After quitting school at the age of fourteen, he had a short stint as a chicken farmer and became the manager of a local grocery store (“McCarthy”). At the age of twenty he completed the four year high school curriculum in nine short months and proceeded to attend law school where he was elected president of his class. Immediately after graduating he opened his own law firm but then became a partner in another law firm in 1937 (“Joseph”). McCarthy’s political career began in 1936 when he ran in vain for District Attorney of Shawano, Wisconsin. However, the true beginning was in 1939 when he became the youngest circuit judge ever elected in Wisconsin at the age of thirty (“McCarthy”).
Richard Nixon attended public schools in Whittier, California, and went to Whittier College, a Quaker institution, where he majored in history. He won a scholarship to Duke University Law School and received his law degree in 1937. Nixon joined an established law firm in Whittier and there met his future wife, Thelma Ryan. They married on June 21, 1940, and had two daughters, Patricia in 1946 and Julie in 1948. In 1946 Nixon was persuaded by California Republicans to be their candidate to challenge the popular Democratic Congressman Jerry Voorhis for his seat in the United States House of Representatives.
In September of 1930, Richard enrolled in Whittier College. Though he was in college, he also went and helped at his family’s store. For Nixon in May 1934, things had gotten a whole lot better. Nixon won a scholarship to attend Duke University's law school and later became a member of the law review and the president of the Student Bar Association. Finally, Nixon graduated Duke University in 1937.
In 1937 he graduated form Duke and moved back to California. Three years later he married Patricia Ryan on June 24,1940. Richard started working for the Office of Public Administration in January 1942. Here he helped to fight the threats of inflation and consumer shortages that were then being caused by the war. In August of 1942, Nixon joined the Navy.
Strategies for Migrating Corporate Voice Traffic to the Data Network, Retrieved June 6, 2005 from the World Wide Web: http://www.techland.co.uk/index/page.index Try-three. (2005). History VoIP Article. Retrieved May 21, 2005, from the World Wide Web: http://www.try-there.com/voip/directory/history-voip.html Tyson, J. (2005).
“On November 4, 1936 Daley had won his first elective office. The only thing that kept the victory from being perfect was that David Shanahan, who died as speaker of the house in Illinois, had been a Republican, running unopposed. So Daley’s name had to be written in on the Republican side of the ballot. Richard Daley was elected to his first public office as, of all things, a Republican.” (Royko 46) This made for a rough start for Daley in Springf... ... middle of paper ... ...c organization in his dual role as mayor and party chairman. He cultivated alliances with organized labor and industry that contributed to Chicago's renaissance at a time when other northern industrial cities were declining.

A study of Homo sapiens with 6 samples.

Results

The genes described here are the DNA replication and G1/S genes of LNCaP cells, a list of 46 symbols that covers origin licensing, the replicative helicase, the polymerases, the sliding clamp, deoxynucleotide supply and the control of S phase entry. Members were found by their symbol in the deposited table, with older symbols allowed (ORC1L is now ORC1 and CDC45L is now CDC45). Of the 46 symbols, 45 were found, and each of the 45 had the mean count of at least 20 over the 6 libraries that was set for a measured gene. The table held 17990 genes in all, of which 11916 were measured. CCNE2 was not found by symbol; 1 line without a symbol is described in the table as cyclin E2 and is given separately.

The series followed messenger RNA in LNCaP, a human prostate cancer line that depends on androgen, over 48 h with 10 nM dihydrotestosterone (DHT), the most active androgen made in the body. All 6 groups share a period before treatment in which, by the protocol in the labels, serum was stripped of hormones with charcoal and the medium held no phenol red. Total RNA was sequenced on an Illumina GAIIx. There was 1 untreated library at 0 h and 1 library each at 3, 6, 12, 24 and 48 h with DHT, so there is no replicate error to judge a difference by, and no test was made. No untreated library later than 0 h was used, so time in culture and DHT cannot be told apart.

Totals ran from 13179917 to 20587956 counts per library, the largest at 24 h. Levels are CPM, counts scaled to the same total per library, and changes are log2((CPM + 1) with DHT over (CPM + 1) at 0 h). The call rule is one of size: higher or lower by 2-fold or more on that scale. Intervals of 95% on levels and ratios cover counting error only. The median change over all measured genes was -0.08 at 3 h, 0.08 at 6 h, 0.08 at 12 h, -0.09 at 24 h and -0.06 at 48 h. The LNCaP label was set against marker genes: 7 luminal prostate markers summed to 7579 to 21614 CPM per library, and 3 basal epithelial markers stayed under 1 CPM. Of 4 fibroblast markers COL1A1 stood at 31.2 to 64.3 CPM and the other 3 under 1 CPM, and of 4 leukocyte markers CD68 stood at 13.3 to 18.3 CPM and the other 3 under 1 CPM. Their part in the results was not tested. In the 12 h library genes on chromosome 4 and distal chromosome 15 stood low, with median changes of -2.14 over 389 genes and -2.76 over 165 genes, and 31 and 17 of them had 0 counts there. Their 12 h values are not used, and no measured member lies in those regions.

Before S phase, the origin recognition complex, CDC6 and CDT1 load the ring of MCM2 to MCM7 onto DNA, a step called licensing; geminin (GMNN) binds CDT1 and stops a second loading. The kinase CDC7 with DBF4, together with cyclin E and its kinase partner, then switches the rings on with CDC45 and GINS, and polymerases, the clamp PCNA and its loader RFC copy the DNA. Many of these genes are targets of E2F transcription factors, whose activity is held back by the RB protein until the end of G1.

His election in 1968 had climaxed a career unusual on two counts: his early success and his comeback after being defeated for President in 1960 and for Governor of California in 1962. Born in California in 1913, Nixon had a brilliant record at Whittier College and Duke University Law School before beginning the practice of law. In 1940, he married Patricia Ryan; they had two daughters, Patricia (Tricia) and Julie. During World War II, Nixon served as a Navy lieutenant commander in the Pacific. On leaving the service, he was elected to Congress from his California district.
In 1977, Scalia returned to teaching after 6 months serving as the resident scholar at the American Enterprise Institute in DC. Him and his family picked up and moved again to Chicago, Illinois. While In Chicago, Scalia taught at the University of Chicago’s law school (he was also a visiting professor of law at his alma mater, Georgetown University, and also at Stanford University during that time) until President Ronald Reagan appointed him to the US Court of Appeals for the DC Circuit in 1982. Scalia took his oath of office on August 17 of that year. Four years after Scalia began working at the Court of Appeals, President Reagan then chose him to be an associate justice of the Supreme Court.
His political affiliation is Republican and he has worked for the Reagan Administration and then again for the 1st Bush Administration. He went into private practice when Clinton was elected. He was nominated to the D. C. Circuit Court of appeals and confirmed in 2003. John Roberts, Jr., is the second youngest Chief Justice to be sworn onto the bench at the age of 50. He attended Harvard University and graduated a year early with honors and moved onto Harvard Law School.